Theater Critic Picks
March is a bit of a shuffle, with one show finally debuting after being canceled for weather in February and another making a grand return after selling out in January. There are also two world premieres, some puppets, and a walking true crime show that lets you be the sleuth.
Here are eight local shows to watch this month:
The Cube: An Interactive Experience For The Socially Distanced Era
Latino Cultural Center, March 3-20
After selling out its January run, The Cube is back. Through projections, audio, and lights, this immersive experience asks audiences to redefine what community and loneliness mean to them. Masked audience members reserve a 30-minute time slot, then experience the show alone or with up to two guests — meaning you're never around anyone but your own party. It's a collaboration among artists Emily Bernet, Ruben Carrazana, Aaron Johansen, Jeffery Bryant Moffitt, and Nigel Newton, based on a concept by Carrazana and Moffitt. Tickets are $20 and can be purchased online (in advance only) here.
Last Ship to Proxima Centauri
Kitchen Dog Theater, streaming March 5-21
This production was postponed due to weather from its original premiere in February. In Greg Lam's dark science-fiction comedy (a world premiere!), the earth has become uninhabitable. The last escape ship arrives at its new home centuries after all the others. The passengers are not prepared for what they find there: A planet full of unimpressed people of color who are not happy to see them. Tickets are $15 and can be purchased here or by calling 214-953-1055.
Dixie's Happy Hour
Performing Arts Fort Worth, streaming March 9-28
Everyone's favorite Alabama redhead, Dixie Longate, has returned with an all-new streaming show for these unpredictable times. She'll be mixing drinks with the four basic food groups: rum, gin, vodka, and tequila while sharing new stories that prove happiness is not only found at the bottom of a margarita glass. Tickets start at $35, with a limited number of VIP tickets for $75, and can be purchased here.
Ghosts in the Kitchen: The Key to a Dark Lonely Night
Ochre House Theatre, streaming March 11-21
The avant garde Deep Ellum troupe has created a new series of storytelling through virtual theater, as written and told by core company members Carla Parker, Justin Locklear, Kevin Grammer, and Matthew Posey, filmed and directed by Josh Jordan, and with music by Locklear and Sarah Rubio-Rogerson. Next up is The Key to the Dark Lonely Night, written and performed by Grammer. During a storm, a scared, desperate man barricades himself in his kitchen, reminiscing about his past while unnerved by the current state of the world. Tickets are $10 and can be purchased here or by calling 214-826-6273.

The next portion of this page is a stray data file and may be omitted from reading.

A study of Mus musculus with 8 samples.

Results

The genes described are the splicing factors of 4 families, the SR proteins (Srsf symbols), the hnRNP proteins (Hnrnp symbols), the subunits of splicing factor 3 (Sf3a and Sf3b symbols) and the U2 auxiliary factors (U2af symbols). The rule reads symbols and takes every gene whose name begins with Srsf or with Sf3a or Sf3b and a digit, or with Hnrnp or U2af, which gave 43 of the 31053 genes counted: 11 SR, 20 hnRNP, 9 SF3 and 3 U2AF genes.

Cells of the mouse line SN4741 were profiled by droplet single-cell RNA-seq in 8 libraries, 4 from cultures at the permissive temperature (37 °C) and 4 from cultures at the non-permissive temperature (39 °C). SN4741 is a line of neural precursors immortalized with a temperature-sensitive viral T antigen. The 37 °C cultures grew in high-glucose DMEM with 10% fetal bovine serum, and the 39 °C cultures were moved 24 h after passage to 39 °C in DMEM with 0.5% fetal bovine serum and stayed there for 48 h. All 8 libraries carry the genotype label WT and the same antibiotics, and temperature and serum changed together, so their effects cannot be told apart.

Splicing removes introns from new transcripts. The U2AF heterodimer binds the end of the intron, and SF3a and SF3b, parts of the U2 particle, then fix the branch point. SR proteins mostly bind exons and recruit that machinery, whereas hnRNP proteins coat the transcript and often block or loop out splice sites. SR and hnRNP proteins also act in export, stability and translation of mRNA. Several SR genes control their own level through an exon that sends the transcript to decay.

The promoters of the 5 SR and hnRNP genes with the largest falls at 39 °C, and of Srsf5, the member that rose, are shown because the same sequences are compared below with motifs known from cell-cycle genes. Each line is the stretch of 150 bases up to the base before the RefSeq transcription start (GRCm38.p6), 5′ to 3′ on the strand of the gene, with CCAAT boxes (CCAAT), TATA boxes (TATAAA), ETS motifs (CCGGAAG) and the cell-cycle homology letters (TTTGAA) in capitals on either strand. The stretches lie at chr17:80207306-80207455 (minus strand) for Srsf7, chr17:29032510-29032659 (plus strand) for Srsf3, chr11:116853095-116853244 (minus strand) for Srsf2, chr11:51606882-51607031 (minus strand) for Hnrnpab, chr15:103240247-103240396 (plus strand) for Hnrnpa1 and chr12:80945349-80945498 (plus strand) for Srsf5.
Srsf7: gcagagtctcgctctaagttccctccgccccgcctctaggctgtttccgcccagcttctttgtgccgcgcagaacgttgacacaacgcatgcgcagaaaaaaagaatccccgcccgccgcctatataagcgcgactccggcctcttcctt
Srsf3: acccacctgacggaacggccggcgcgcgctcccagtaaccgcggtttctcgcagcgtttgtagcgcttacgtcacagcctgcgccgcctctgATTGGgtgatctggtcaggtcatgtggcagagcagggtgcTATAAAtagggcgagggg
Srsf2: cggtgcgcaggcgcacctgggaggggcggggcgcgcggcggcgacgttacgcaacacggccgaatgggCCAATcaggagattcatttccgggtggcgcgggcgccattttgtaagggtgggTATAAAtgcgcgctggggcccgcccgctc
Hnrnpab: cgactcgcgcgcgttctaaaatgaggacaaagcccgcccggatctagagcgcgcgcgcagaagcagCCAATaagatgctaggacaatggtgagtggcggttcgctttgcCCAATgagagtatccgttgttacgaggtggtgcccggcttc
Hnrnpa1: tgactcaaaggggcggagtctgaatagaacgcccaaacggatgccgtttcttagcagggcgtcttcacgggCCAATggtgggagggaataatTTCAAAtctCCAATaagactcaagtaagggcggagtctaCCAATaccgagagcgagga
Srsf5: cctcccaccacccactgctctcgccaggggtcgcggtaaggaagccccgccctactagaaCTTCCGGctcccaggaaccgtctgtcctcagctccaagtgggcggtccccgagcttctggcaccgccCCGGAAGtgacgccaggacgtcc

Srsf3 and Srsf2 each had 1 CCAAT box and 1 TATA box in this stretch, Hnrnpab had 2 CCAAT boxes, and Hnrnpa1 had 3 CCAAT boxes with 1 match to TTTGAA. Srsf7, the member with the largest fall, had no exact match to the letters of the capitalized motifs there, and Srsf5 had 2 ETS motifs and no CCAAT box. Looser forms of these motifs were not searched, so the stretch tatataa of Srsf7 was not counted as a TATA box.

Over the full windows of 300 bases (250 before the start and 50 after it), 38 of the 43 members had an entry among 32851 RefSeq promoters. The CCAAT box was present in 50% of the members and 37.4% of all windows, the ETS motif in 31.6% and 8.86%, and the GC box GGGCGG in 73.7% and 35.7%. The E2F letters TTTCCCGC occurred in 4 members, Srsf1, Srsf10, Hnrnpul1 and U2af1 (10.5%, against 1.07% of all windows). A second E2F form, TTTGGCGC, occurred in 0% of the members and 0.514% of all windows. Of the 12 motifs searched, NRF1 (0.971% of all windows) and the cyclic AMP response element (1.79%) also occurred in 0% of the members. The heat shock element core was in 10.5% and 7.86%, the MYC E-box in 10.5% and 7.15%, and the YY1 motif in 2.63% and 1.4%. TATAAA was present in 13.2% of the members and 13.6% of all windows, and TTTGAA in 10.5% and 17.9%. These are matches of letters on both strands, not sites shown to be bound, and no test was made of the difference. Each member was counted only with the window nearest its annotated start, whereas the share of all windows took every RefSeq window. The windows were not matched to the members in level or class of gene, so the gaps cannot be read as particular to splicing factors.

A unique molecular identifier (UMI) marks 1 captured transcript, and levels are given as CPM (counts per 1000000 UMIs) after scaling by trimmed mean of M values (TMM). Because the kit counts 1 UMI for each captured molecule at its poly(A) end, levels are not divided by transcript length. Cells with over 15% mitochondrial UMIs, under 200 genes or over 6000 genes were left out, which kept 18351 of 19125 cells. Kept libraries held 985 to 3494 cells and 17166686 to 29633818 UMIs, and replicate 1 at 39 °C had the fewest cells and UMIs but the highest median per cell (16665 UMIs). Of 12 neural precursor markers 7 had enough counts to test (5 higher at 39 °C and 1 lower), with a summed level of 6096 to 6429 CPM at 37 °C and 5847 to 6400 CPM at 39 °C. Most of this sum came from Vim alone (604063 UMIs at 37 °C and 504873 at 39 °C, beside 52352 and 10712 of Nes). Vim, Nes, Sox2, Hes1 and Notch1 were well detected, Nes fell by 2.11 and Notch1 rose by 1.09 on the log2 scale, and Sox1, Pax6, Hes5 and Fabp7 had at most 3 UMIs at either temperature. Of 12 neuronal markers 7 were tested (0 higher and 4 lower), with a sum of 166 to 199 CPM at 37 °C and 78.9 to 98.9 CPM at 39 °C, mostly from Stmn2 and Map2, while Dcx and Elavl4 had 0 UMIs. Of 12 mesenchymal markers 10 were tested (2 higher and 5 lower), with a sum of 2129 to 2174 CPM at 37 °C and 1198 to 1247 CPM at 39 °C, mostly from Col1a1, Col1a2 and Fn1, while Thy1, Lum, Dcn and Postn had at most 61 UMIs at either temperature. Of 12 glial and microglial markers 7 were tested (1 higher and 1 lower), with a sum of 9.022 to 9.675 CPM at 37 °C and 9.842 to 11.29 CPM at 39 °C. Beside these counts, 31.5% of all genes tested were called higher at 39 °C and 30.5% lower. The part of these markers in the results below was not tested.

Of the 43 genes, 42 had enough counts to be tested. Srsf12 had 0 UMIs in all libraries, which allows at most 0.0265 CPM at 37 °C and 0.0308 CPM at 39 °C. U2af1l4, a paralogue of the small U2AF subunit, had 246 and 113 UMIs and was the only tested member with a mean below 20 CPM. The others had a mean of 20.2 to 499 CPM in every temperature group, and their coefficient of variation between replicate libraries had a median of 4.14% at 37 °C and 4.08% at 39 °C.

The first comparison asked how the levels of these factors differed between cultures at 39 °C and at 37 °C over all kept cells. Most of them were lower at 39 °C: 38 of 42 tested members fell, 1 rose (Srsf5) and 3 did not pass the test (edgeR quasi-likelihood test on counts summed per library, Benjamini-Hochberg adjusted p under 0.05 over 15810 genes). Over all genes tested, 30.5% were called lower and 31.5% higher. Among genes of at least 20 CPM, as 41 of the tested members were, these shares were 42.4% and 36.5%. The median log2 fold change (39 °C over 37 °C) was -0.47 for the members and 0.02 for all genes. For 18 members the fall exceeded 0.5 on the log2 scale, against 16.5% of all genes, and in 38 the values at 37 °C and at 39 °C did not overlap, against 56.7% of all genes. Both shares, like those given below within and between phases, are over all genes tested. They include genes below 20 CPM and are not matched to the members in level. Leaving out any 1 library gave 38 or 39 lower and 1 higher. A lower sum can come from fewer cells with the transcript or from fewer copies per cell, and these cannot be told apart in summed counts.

Amphibian Stage, streaming March 12-13
Set deep in the Sagebrush Desert, this visually stunning play from Concrete Temple Theatre contemplates humanity's relationship with the natural world through puppetry, projections, and an original score. Tickets are $10 and can be purchased here.
Lives of the Saints: A Collection of Six Short Plays
MainStage Irving-Las Colinas, streaming March 19-27
A collection of six short plays by David Ives explores everything from a woman who returns from the dead to a man who falls in love with a washing machine. Tickets are $12 and can be purchased here or by calling 817-923-3012.
Vena Cava Productions, livestreaming March 20
This new play takes place one month after the 2016 presidential election as De'Von Roberts, a Black teenager, returns home from school for winter break ready to relax with his white adoptive family. After a racial slur is spray-painted on the front of De'Von's family's home, tensions rise within the family and De'Von comes to realize that his mother and siblings will do anything to show him that they are "woke." The 7 pm livestream is free and can be accessed here.
AT&T Performing Arts Center, March 30-April 18
This true crime walking show has socially distanced groups gather clues while interacting with a wild group of wily career criminals, slimy con men, rumpled art recovery specialists, a possible inside man, a gentle psychopath, and the larger-than-life but definitely real self-proclaimed Greatest Art Thief of All Time. The story is based on the biggest art heist in history at Boston’s Isabella Stewart Gardner Museum, where robbers stole half a billion dollars worth of art. Tickets can be purchased here.